Top 5 Grossing Movies of 2013
Tom Robertson gives a brief recap of the movies that audiences the world over have voted for with their wallets.
Robert Downey Jnr returns for the third time as playboy inventor Tony Stark. When Stark’s world is torn apart he sets out on a trail of retribution to find those responsible and dish out some Iron-clad justice.
Despicable Me 2 $918,754,000
The villainous star of the first Despicable Me, Gru (Steve Carrell), is recruited by the Anti-Villain League (AVL) to investigate the theft of a laboratory from the Arctic Circle. Supported by the slapstick comedy of the ‘minions’, Gru’s mischievous helpers, this family adventure offers a good dose of humour and cutting edge animation from the bods at Illumination Entertainment.
Fast and Furious 6 $788,679,850
The first in the series to move away from the underground car racing scene, Fast and Furious 6 brings us more high-octane action but this time switcing locations to London, the Canary Islands and Hong Kong.
Monsters University $743,544,940
This prequel to Monsters Inc. tells the story of the two central characters from the first film, Mike and Sulley, in their endeavours to graduate from Monsters University and obtain their scaring credentials. Twelve years on from the original Monsters Inc, Disney’s Pixar provides a solid enough effort in recreating the vivacity and charm of the original.
The Hunger Games: Catching Fire $730,403,663
Based on Suzanne Collins’ novel, Catching Fire is the second installment in the Hunger Games trilogy. Picking up where the first film left off, Jennifer Lawrence’s Katniss is engaged in a winners tour of the districts before finding out that she has to once again enter the deadly hunger games in a special 75th anniversary edition featuring former champtions of the tournament.
Y’s TOP 5 TURKEYS
All of these films received the odd favourable review but for varying reasons these were the ones that just didn’t fly received the odd favourable review and made some money
Puerile: Scary Movie 5
Reports of people getting up and leaving the cinema in droves blighted the release of the fifth film in the Scary Movie series. Primarily a send up of Paranormal Activity, the story centres around a family who discover mysterious goings on in their home. The film failed to deliver any measure of humour, with what little there was branded unforgivably as juvenile. Now scarily unfunny, perhaps the only thing dying a violent death should be this movie franchise.
Time to call it a day: A Good Day to Die Hard
Bruce Willis returns for the fifth time as John Mclane in the Die Hard series. Travelling to Russia to try and extricate his son from Prison, the two find themselves in the middle of a battle between two Russians to obtain a classified file. There are enjoyable enough action sequences in the movie but it is undeniably the weakest in a series, the first few of whom were so dearly loved by fans worldwide. Although it’s hard to let Die Hard die, A good day to Die Hard is a good day for Die Hard to die.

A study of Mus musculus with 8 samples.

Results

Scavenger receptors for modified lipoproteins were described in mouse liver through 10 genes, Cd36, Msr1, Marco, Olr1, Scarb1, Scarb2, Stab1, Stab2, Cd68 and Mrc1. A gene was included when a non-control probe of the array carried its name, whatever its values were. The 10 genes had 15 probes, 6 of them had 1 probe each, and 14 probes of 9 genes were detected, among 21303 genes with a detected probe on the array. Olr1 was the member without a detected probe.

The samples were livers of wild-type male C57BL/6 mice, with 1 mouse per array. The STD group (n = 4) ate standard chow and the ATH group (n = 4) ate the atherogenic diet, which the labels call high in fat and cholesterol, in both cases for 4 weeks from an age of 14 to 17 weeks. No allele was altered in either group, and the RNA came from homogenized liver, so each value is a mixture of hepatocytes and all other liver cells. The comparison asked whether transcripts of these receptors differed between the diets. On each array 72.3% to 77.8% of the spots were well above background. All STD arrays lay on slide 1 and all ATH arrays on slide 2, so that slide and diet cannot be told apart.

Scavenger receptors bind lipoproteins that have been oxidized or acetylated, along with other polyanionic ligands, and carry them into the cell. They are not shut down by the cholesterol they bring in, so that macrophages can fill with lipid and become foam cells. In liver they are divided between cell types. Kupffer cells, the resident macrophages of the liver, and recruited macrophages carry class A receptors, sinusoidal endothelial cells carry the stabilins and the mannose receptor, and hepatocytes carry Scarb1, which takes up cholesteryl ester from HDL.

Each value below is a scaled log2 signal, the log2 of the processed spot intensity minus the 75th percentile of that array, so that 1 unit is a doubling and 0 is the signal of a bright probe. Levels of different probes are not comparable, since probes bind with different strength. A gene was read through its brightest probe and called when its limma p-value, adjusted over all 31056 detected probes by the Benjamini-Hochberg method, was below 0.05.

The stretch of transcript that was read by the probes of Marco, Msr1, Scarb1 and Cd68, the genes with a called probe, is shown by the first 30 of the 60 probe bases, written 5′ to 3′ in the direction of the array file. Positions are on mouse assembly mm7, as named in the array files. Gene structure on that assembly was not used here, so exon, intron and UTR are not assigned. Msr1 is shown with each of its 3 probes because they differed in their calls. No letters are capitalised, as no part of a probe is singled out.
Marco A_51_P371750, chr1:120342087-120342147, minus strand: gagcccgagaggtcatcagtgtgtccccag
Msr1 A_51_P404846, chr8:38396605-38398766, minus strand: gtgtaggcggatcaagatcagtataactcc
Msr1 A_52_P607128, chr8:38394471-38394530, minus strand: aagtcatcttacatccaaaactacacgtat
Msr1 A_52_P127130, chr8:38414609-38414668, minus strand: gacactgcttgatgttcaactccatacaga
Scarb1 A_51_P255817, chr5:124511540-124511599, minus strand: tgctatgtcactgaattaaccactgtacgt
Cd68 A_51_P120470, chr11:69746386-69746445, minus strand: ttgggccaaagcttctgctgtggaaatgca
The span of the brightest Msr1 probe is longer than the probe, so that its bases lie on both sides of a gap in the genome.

A bit of a shame: The Fifth Estate
The film tells the story of Wikileaks founder Julian Assange and his efforts to bring confidential information into the public domain. Praised by some as ‘a vintage journalism thriller’, it stumbled at the box office, Benedict Cumberbatch’s convincing performance as Assange even unable to rescue it. Critiqued on its release for having become bogged down in the details of the case, what should have been a gripping drama on one of the most intriguing stories of our time rapidly became a box office flop, pulling in just $1.7 million dollars at the box office.
Unhappy families: Smurfs 2
Animated family movies have proved time and time again that there’s a balance of humour that allows the children to giggle with delight at the comedy unfolding on screen while the parents are equally entertained. Sadly, Smurfs 2 is a movie that may well have the children giggling on a couple of occasions but parents anxious to clock out, go home and find something actually worth watching. The rudimentary plot sees Smurfette captured by Gargamel in order to reap more of the Smurf-essence that is fuelling his sorcery. It’s a largely charmless affair that has garnered disastrous approval ratings. Realising you’ve just wasted a couple of hours on this could leave you feeling a bit blue.
Biggest let down: Man of Steel
It’s not here because it’s a bad film, it’s here because it promised so much yet delivered suprising little. Dramatic and atmospheric trailers hinted at a superhero movie set to crack like a thunderflash and unleash a torrent of action supported by a solid plot and strong acting.
Henry Cavill as the muscular DC superhero provided a fittingly brooding take on the reluctant saviour, but whose wanton destruction sadly overshadowed any hope of retaining some of the fun and magic created by Christopher Reeves in the late 70s and early 80s. It’s not exactly a turkey, but definitely to be found on my plate of movie leftovers from 2013.